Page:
Confusion, drowsiness and slurred speech signals fatty liver disease
Liver Disease: Expert discusses risks and symptoms
Fatty liver disease – or non-alcoholic fatty liver disease – is the name for a range of liver conditions that are not linked to alcohol.
As the name suggests, the main cause of fatty liver disease is having too much fat stored in the liver.
Although in its early stages it often doesn’t cause symptoms, it can progress as far as cirrhosis – or liver scarring – and even liver failure if not treated.
And some with fatty liver disease also develop non-alcoholic steatohepatitis – an aggressive form of the disease, which makes you more likely to experience cirrhosis.
The Mayo Clinic explains: “The main complication of non-alcoholic fatty liver disease and non-alcoholic steatohepatitis is cirrhosis, which is late-stage scarring in the liver.
“Cirrhosis occurs in response to liver injury, such as the inflammation in non-alcoholic steatohepatitis.
“As the liver tries to halt inflammation, it produces areas of scarring (fibrosis).
“With continued inflammation, fibrosis spreads to take up more and more liver tissue.”
According to the Mayo Clinic, confusion, drowsiness and slurred speech – also known as hepatic encephalopathy – are complications of cirrhosis.
Cirrhosis can also lead to:
- Fluid buildup in the abdomen (ascites)
- Swelling of veins in your oesophagus (esophageal varices), which can rupture and bleed
- Liver cancer
- End-stage liver failure, which means the liver has stopped functioning.
The clinic lists potential early symptoms of fatty liver disease as fatigue and pain or discomfort in the upper right abdomen.
Later stage symptoms include:
- Abdominal swelling (ascites)
- Enlarged blood vessels just beneath the skin’s surface
- Enlarged spleen
- Red palms
- Yellowing of the skin and eyes (jaundice).
“Make an appointment with your doctor if you have persistent signs and symptoms that cause you concern,” the clinic says.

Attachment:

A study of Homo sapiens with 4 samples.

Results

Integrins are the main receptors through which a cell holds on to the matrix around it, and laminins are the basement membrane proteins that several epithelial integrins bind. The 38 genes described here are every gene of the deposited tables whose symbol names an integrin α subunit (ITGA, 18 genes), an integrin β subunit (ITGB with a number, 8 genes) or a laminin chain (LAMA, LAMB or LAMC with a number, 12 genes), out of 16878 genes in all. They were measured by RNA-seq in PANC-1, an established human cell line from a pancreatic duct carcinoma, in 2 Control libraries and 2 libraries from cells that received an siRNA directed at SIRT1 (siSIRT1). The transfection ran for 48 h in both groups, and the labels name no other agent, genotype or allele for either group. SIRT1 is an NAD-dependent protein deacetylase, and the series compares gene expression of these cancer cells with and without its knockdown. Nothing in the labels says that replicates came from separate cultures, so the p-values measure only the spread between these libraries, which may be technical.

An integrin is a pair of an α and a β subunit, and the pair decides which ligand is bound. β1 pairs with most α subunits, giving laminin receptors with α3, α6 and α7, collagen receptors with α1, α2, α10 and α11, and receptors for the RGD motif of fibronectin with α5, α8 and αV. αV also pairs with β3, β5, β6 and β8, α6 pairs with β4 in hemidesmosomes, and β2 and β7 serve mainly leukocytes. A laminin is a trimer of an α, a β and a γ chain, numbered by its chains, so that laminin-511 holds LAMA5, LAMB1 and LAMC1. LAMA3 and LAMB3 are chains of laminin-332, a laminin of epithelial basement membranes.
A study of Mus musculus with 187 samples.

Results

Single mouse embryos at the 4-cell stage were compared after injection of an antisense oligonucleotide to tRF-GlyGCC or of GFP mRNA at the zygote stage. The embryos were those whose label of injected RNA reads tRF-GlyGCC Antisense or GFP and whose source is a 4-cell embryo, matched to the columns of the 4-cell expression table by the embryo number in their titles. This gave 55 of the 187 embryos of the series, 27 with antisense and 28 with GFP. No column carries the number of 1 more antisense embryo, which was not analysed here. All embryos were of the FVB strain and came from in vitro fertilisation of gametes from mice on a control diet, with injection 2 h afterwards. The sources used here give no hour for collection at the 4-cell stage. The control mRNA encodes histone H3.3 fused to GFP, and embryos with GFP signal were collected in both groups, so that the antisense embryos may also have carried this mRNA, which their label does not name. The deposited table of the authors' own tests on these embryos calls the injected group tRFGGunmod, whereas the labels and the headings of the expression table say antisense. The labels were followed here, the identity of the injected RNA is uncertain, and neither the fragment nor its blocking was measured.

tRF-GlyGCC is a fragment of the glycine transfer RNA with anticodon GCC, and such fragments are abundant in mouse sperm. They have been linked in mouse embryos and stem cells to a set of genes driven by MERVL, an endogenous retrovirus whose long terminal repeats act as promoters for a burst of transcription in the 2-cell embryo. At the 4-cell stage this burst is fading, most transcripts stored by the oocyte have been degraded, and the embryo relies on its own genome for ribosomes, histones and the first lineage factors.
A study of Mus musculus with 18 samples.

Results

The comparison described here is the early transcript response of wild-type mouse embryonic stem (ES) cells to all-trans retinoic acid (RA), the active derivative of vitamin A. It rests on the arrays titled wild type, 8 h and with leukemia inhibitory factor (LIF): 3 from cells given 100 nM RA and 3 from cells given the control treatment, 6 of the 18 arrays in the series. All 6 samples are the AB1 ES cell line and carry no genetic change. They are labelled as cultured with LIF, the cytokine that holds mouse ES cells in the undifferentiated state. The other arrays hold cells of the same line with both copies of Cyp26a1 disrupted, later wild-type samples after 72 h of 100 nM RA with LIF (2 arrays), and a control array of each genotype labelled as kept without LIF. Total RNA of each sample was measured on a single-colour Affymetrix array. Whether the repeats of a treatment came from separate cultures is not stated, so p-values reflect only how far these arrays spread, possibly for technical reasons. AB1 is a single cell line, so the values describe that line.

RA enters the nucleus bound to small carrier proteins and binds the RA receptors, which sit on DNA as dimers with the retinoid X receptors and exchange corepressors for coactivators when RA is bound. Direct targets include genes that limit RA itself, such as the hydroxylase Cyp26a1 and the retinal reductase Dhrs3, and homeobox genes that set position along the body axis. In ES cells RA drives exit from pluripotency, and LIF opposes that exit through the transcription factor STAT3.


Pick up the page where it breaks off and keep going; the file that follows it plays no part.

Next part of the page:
It is not known exactly why some people develop fatty liver disease.
But there are a number of factors that can raise your risk of fatty liver disease including:
- Being obese or overweight
- Having type 2 diabetes
- If you are insulin resistance, such as polycystic ovary syndrome
- An underactive thyroid
- High blood pressure
- High cholesterol
- Metabolic syndrome (a combination of diabetes, high blood pressure and obesity)
- If you are over the age of 50
And non-alcoholic steatohepatitis is more common among older people, people with diabetes and people with body fat concentrated in the abdomen.
How to reduce your risk of fatty liver disease
The Mayo Clinic says: “Choose a healthy diet – choose a healthy plant-based diet that’s rich in fruits, vegetables, whole grains and healthy fats.
“Maintain a healthy weight – if you are overweight or obese, reduce the number of calories you eat each day and get more exercise.
“If you have a healthy weight, work to maintain it by choosing a healthy diet and exercising.
“Exercise – exercise most days of the week. Get an OK from your doctor first if you haven’t been exercising regularly.”